A new report that measures how "dynamic" economies are at the nation's metro level put the Charleston area at eighth in its weight class. 

The Charleston and North Charleston economy is quickly growing, setting it apart from other medium-size cities, according to the analysis released Monday by the Walton Family Foundation.

The region's thriving aerospace and manufacturing sectors drove the area's score up, said Ross DeVol, lead researcher on the report.

Successful entrepreneurs bolster a region's economy, the Walton research shows. Metros with the most dynamic economies have done a good job of supporting entrepreneurs, who tend to create high-paying jobs. 

Charleston's top 10 ranking was in the category for metropolitan areas with between 500,000 and 1 million residents. DeVol said that puts it among the mid-sized cities seeking to expand their economies enough to join the ranks of the biggest U.S. metro areas. 

"They all aspire to be much more," DeVol said. "They’re at the stage where they need to fill in some of the missing gaps to get them to the next stage."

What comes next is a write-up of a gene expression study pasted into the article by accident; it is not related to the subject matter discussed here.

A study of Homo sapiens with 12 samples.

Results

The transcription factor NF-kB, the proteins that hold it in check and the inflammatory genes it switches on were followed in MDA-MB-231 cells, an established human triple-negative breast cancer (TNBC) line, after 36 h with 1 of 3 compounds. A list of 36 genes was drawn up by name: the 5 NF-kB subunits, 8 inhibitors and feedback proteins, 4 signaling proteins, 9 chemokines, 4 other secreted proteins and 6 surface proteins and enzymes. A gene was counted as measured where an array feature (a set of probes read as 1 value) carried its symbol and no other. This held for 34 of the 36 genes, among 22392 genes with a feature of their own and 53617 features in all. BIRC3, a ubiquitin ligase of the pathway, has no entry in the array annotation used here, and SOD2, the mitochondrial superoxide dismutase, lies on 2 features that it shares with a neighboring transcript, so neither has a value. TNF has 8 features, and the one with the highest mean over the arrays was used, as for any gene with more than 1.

The region placed 42nd overall out of 379 metropolitan areas in all. Midland, Texas, came in first.

Charleston wasn't South Carolina's only high-performing metro. The smaller Beaufort and Hilton Head area came in at 35th, earning high marks for its support of early-stage businesses. And the Myrtle Beach-North Myrtle Beach region was ranked at No. 48.

Despite its reputation as the "Silicon Harbor," Charleston lagged behind in a new metric the foundation developed, which measures whether entrepreneurs have been able to start businesses and develop them. A good score indicates an rea will be adding more high-quality jobs. Charleston did better than the U.S. average but showed room for improvement, DeVol said. 

More investment and attention could be poured into the  so-called knowledge economy, including the biotech and technology fields, he said. 


The lack of investment dollars in the South may be helping to hold Charleston back. Considerably less capital is funneled into the Southeast's startup firms, according to a report from BIP Capital

This is the first year the Walton Family Foundation has published the rankings. The Bentonville, Ark-based organization is led by the family of Sam Walton, the late founder of retail giants Walmart and Sam's Club. 

DeVol and a team of other economic researchers plan to form a think tank called Heartland Forward that will issue policy recommendations based on the findings.

Reach Mary Katherine Wildeman at 843-937-5594. Follow her on Twitter @mkwildeman.